Is Israeli cuisine the original fusion food?
This year, a few weeks before Yom Ha’Atzmaut, Israel Independence Day, I inadvertently answered this question while shopping for a dinner to celebrate the day. Last summer, I had heard that at the Trader Joe’s supermarket chain, several groups had attempted a boycott of Israeli products, and now I wanted to show my commercial support of everything Israeli by throwing a totally Made-in-Israel dinner.
I read on the Web site of the Israeli Embassy that “Americans spend about $100 million on Israeli foods each year.” So, I figured, how hard could this be?
There was even a Web site, www.buyisraelgoods.org, that, depending on where you live, directs you to stores and products.
“Oh, too easy,” I thought. What about the unlikely places? Could I find Israeli made products there?
So I drove to an area of Orange County, California dubbed Little Gaza. That’s when things started “fusing.”
I went into the Sinbad Ranch market, which caters to local Lebanese and Palestinians. First off, in a burst of relief, despite the mostly Arabic typeface packaging, I saw cans and boxes of stuff I recognized: Falafel mix, stuffed grape leaves, pickles and halvah. And—surprise, surprise—a lot of it was even kosher. Who knew?
But as I scrutinized the labels more carefully, I saw that none of them were marked “Made in Israel.” Among all this Middle Eastern food I saw “Made in Michigan,” even L.A. The closest I found to Israel was some canned goods from Jordan.
Knocked off my original course, I turned to the other side of the Middle East street, so to speak. I visited Sami Makolet, a market in the Fairfax district of Los Angeles that is frequented by Israelis, where Hebrew always seems to be the lingua franca in the check-out line.
There, I purchased cans of pickles and eggplants, some locally baked pita, a big red box of chocolate-covered wafers and some spicy, cracked green olives.
Cracked yes, but also not at all what I thought they were cracked up to be: Once home, I noticed that the olives were actually marked “West Bank.” Should this, I thought, be part of my Made-in-Israel dinner? To keep peace at the table would I need to re-mark the can “Made in the Occupied Territories,” as the European Union recently demanded several companies do?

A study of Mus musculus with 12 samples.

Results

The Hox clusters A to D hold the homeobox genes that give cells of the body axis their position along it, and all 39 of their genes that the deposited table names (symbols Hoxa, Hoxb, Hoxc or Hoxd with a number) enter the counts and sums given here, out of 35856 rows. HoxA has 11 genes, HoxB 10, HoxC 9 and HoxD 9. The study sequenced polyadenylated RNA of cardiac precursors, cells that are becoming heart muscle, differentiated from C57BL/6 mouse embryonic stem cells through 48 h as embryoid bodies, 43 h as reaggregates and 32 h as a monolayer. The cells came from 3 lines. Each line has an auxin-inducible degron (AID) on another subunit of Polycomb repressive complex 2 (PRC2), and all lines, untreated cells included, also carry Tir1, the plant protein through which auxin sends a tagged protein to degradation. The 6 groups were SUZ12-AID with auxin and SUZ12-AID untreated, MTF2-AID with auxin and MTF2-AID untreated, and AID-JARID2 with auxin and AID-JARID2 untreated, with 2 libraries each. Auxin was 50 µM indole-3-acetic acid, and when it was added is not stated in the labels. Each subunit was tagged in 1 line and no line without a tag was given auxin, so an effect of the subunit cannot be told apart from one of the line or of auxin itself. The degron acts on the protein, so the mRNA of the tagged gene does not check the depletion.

Next up I went to the Kosher Club, where I hoped boundaries would be clearer. The manager told me, “There’s been an increase in the number of Israeli-made products that are now available. Mostly, though, we get requests for Israeli wine,” he said. So I bought a bottle of Merlot (French, right?) from the Galilee, as well as some frozen potato puffs.
Walking to the car, I read the box. The filo dough puffs were called bourekas. “Was that Hebrew?” I wondererd. Turns out they were originally from Turkey.
Despite my best intentions, the dinner was getting more international with every stop.
Next, I turned hopefully to the simpler environs of Trader Joe’s, where I could pick up some Israeli goat-milk feta cheese. “Had there been any continued fallout from last summer’s incidents?” I wonder. According to Alison Mochizuki, the chain’s director of national publicity, the answer was no. The chain continues to carry all the Israeli-made products it carried last summer. In a prepared statement, she said Trader Joe’s has “no intention of removing any products based on pressure from any group.”
Great to hear. However, if no one buys the Israel-made stuff, I’m thinking it doesn’t get re-ordered.
So, at the end of my visit to Trader Joe’s, I headed out with a package of feta, great for a meal honoring the land of milk and honey. Also, I bought a box of Israeli couscous, which I saw through the box’s window was larger than the usual kind. From reading the box, I discovered that the product was also called “maftoul,” the name for this kind of couscous in Jordan, Lebanon and the West Bank.
My Israel dinner was getting more multicultural by the box.
To add a little Hebrew flair to my dinner, I asked my friend, Rabbi Bob Golub, who is the executive director of Mercaz USA, the Zionist organization of the Conservative movement, for a little help. In an e-mail he responded: “Start with your ‘mivchar salatim—mini plates of different salads—meaning humus, tahina, tabooleh, babaganoush, etc.”
“B’teavon”—Bon appétit!—he added.
But wait, weren’t the names for all those appetizers in Arabic? How would that fit with my Made-in-Israel theme?
Finally, the time arrived to break bread (or tear pita?). The four of us—me, my wife, our son and a friend—sat down to eat: Greek salad, hummus, bourekas, cracked olives and couscous—or was it maftoul?
Surprisingly, it was a politics-free dinner. I called it Middle East fuss-free fusion. Regardless of language or national origin, for one meal, everything just seemed to go together.
(Edmon J. Rodman is a JTA columnist who writes on Jewish life from Los Angeles.)